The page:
We have applied for the world cup of RoboCup, which will be in Sydney this year. We have written a Team Description Paper for this purpose, in which we are presenting our research of the last year. We have also made a video for our application. We are very happy to have been accepted and to be able to fly to Sydney in juli and for the exciting games we will get to play.
We are already preparing a lot for the world cup. We have had multiple integration tests in the last few months. In the integration tests we have tested all of our hard- and software. We are also already planning the next integration test.
By changing to our new robot platform, from our Minibots to our new Wolfgang robots, we have had to fight with some new problems. On the other hand we also were more motivated and that is why we managed to accomplish a lot of progress in our software as well as in the continued development of the Wolfgang hardware platform.
As part of working on our software, we have overhauled our vision. It is now better able to process and calculate the results of our CPU and graphics card in parallel.
At the moment multiple bachelor thesis are being worked on, which aim to use Fully Convolutional Neural Networks, to detect additional objects on the field. We aim to also detect robots and goalposts with this method.
The localization of our robot is being completely changed and improved right now. For this we use AMCL, a particle filter, to transform linepoints which have been found by our vision. A live demonstration video is available at: https://www.instagram.com/p/BtVlmNuFCGd/
Additionally to our localization we are also working on a world model. We aim to process the sensor input data from multiple robots and use the data to look at how the ball moved over time, which allows us to filter if we detect e.g. the ball in one place where it couldn’t possible be based on our previous measurements.
We have completely rewritten our behavior. We have developed a new description language which will allow us easier continued development of our behavior. For this we have developed our Dynamic Stack Decider and are currently working on publishing a paper about it.
For our path planning, the calculation which route our robot should take, we have switched to move_base.
For our animations and our walking we have switched to using splines. By using splines we are able to calculate smaller steps between the start of the motion and finishing the motion. This allows us to have less jerky movements.
We managed to send our motors significantly more signals per second. This way we are able to decide in more detail how the motor should move and thus accomplish a more precise movement in general.
We have built new foot sensors into our robots. By looking at the additional data we are generating this way we can stabilise our walking and our animations.
In the context of a bachelor thesis we are currently working on a system to calibrate our motors. Small inaccuracies between a measurement and the reality lead to large differences in how the robot is actually oriented. With this method large differences have already been found and fixed.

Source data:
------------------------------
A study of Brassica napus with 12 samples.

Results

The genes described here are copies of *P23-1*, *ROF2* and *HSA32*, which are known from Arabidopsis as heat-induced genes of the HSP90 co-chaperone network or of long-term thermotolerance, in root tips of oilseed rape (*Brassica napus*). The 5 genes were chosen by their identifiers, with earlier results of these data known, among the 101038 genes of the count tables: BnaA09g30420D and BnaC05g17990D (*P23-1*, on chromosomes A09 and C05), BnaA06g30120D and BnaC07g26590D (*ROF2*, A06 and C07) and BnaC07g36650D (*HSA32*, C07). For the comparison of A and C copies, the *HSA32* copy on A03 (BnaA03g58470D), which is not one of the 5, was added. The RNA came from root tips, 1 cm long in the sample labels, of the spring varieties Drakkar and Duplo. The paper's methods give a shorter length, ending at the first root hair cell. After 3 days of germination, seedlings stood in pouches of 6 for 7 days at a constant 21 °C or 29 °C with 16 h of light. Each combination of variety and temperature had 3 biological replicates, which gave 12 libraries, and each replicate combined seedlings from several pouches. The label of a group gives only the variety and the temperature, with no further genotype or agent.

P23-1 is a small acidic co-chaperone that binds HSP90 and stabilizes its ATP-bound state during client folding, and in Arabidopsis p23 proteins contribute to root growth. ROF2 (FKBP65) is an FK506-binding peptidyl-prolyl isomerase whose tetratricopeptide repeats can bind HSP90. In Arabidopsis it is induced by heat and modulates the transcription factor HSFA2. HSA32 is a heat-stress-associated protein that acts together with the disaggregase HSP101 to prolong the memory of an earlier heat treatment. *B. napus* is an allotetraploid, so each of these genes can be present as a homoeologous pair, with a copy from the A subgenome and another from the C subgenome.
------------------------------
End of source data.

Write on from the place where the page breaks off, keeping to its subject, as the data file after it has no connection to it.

For the Symposium of the RoboCup world cup we are planning on a few more scientific papers. We will talk about these more at a later point in time and upload them on our publications page.
Our code is open source and can be viewed on Github:
We will take part in the German Open before we fly to Sydney. We will test our hard- and software there in detail and are excited for games we will get to play in Magdeburg.
Additionally to this Blog, Facebook and Twitter we will also publish images on Instagram. Our new Instagram page can be found here:
In the last few days, interested teenagers got to try out, what it is like to study computer science at our university. And like the last years, we offered one of the three projects the pupils could choose from. During this week, they did not just get a look at our daily lifes, but instead got to experience hands on, what it takes to make a robot play soccer.
Our new friend Cozmo, a robot produced by Anki, joined us for this years project, and thanks to its intuitive programming environment made it rather easy for the students to solve various problems and to programm and play games with or against Cozmo. Step by step they helped Cozmo to reach his dream goal to become a soccer star player.
In contrast to the last years, this time we tried a different learning concept, developed by a master student at our university. In various tasks the 13 children first learned how to work with the robot and his graphical programming environment, before later going on to use a “real” programming language. The main goal was to make Cozmo shoot a goal on friday.
Even though this was a challenging task, the students quickly recognized how to use Cozmos sensors to find the ball in the camera image, then calculate the position in the real world, to then figure out where he is supposed to move.
Besides working on the project, the pupils were also keen to see our campus, so we showed them around in the labs of TAMS. They got to control a robotic arm with a HoloLense and watch as Trixie searched for interestingly colored objects.